4 Common Mental Health Obstacles Moms Face
Moms absolutely need to know that their health matters, too.
It’s not just your physical health that’s important, but you shouldn’t neglect your mental health either. Sometimes, it’s easier said than done when it comes to working on your health, whether it be physical or mental, and parents may experience a lot of pressure.
There’s pressure every day to play multiple roles, from being the caregiver, setting a good example, cooking, cleaning, maintaining relationships and keeping the household running.
Plus, there can be career pressures to balance along with that. These things together may weigh you down both physically and mentally. The daily pressures alone are one common obstacle that moms may face when they’re trying to improve their mental health, but it doesn’t end there. While there might be obstacles that come along, it’s vital to keep on going to keep working towards improving your mental health, so here’s what you can expect:
Even in 2023, moms are still having to deal with the social stigma that comes with mental health. There’s nothing wrong with you in the slightest for wanting to get your mental health under control and wanting therapy; in fact, it shows how strong you are. But sadly, there’s still this negative stigma around mental health, and it’s slowly (but surely) fizzling away.
Unfortunately, in this day and age, mental health is still often out of reach for so many people. It’s something that’s seen as needed, but it’s still terribly expensive too. Access to mental health resources, like counseling and psychiatric services, can be a significant obstacle- financially speaking. But sometimes, things like geographical location (for families who live in a rural area) and a shortage of mental health professionals are common barriers. Honestly, it’s far from ideal, and quite frankly, it’s not fair either.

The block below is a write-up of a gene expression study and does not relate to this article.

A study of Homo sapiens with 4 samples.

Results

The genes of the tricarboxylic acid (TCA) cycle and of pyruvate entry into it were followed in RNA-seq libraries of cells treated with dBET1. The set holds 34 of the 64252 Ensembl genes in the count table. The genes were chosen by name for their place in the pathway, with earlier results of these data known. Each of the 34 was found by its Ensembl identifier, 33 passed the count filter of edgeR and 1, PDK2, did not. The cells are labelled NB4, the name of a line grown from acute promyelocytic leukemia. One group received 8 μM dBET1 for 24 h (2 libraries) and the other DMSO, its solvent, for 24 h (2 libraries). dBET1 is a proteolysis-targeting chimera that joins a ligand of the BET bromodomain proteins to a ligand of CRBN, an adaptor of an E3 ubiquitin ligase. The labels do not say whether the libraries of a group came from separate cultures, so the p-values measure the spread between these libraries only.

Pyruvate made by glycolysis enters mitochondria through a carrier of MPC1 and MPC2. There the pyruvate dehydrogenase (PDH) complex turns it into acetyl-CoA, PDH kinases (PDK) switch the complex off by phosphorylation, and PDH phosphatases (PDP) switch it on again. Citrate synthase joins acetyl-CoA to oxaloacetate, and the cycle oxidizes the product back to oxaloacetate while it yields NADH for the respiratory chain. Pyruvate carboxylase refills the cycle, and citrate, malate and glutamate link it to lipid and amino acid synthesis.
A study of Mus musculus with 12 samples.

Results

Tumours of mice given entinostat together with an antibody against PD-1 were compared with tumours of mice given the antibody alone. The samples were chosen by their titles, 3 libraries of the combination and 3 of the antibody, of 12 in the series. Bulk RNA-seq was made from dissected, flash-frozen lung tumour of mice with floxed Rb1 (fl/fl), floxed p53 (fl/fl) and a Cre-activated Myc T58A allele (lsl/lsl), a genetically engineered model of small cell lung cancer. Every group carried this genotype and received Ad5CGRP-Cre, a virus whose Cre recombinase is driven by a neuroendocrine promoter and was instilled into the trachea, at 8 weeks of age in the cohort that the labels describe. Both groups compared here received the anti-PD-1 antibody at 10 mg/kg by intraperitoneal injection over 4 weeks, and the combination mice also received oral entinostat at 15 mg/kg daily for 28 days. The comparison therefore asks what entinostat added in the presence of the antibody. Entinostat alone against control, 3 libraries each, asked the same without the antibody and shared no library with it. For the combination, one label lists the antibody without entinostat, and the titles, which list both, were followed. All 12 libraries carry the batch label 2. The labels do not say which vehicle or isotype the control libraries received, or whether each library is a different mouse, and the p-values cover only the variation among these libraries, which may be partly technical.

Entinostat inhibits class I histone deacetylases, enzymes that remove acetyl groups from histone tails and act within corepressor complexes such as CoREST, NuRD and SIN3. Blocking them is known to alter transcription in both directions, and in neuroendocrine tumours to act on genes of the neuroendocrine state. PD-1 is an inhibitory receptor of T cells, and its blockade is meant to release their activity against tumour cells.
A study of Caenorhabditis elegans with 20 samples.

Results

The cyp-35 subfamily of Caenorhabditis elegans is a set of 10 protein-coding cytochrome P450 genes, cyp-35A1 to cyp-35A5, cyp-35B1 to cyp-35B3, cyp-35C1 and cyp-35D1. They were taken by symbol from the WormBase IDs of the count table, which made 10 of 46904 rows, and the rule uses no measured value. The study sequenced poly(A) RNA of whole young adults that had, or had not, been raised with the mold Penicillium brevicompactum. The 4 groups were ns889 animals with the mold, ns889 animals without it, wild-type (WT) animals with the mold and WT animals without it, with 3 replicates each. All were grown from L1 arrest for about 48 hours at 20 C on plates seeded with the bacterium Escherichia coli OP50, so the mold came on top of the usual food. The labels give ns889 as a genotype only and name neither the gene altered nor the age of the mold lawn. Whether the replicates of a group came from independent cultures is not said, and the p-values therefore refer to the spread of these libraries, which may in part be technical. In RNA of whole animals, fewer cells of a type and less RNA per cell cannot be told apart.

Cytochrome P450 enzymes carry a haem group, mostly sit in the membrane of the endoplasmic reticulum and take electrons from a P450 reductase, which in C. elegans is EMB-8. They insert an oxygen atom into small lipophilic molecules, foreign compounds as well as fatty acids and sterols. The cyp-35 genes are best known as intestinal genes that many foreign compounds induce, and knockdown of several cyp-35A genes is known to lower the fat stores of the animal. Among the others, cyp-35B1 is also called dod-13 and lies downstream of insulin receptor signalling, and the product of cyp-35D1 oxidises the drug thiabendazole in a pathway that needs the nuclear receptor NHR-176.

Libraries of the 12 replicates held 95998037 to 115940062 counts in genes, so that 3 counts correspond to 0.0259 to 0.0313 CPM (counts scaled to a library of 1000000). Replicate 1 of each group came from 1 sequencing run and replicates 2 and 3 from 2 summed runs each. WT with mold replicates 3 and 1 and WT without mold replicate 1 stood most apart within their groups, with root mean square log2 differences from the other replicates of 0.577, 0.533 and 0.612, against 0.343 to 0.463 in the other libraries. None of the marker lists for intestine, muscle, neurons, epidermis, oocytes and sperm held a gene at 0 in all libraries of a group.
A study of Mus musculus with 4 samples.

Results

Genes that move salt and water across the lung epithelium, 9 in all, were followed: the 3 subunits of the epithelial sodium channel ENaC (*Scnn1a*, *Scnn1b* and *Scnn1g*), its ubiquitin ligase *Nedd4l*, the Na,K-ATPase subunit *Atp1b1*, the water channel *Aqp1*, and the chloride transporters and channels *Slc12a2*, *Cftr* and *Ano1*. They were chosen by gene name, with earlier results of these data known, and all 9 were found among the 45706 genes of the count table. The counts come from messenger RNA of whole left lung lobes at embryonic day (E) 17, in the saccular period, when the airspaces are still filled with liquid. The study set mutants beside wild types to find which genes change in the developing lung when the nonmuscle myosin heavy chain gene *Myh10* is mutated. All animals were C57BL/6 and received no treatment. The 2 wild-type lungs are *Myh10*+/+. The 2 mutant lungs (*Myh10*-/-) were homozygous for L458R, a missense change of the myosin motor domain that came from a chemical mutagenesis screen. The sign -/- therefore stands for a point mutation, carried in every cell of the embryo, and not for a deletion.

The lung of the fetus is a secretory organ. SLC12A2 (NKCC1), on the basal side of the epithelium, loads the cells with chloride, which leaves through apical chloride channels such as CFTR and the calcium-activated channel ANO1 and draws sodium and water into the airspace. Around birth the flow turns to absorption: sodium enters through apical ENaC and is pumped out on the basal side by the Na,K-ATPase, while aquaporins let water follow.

Fear of Vulnerability
It can be challenging to put yourself in a vulnerable spot; you’re a mom, a mama bear, and you’re supposed to be strong and resilient for your family. As you know, opening up about your mental health, not just to a professional but even to yourself, just really puts you in this uncomfortable, vulnerable spot. There’s also the fear of being judged or misunderstood, and even those can be a significant obstacle too.
As mentioned earlier, there’s still a negative stigma to things this day when it comes to improving mental health, when it comes to mental health in general. In some cultures, it’s still not really seen as a thing, or it’s not considered valid. Since there are so many different ideas out there on mental health, there can be self-shame, like “What’s wrong with me?” and that alone can deter someone from wanting to get help because they feel so ashamed of having to do it.
But you need to keep in mind that overcoming this obstacle involves cultivating self-compassion, understanding that mental health challenges are common, and that there’s nothing wrong with you.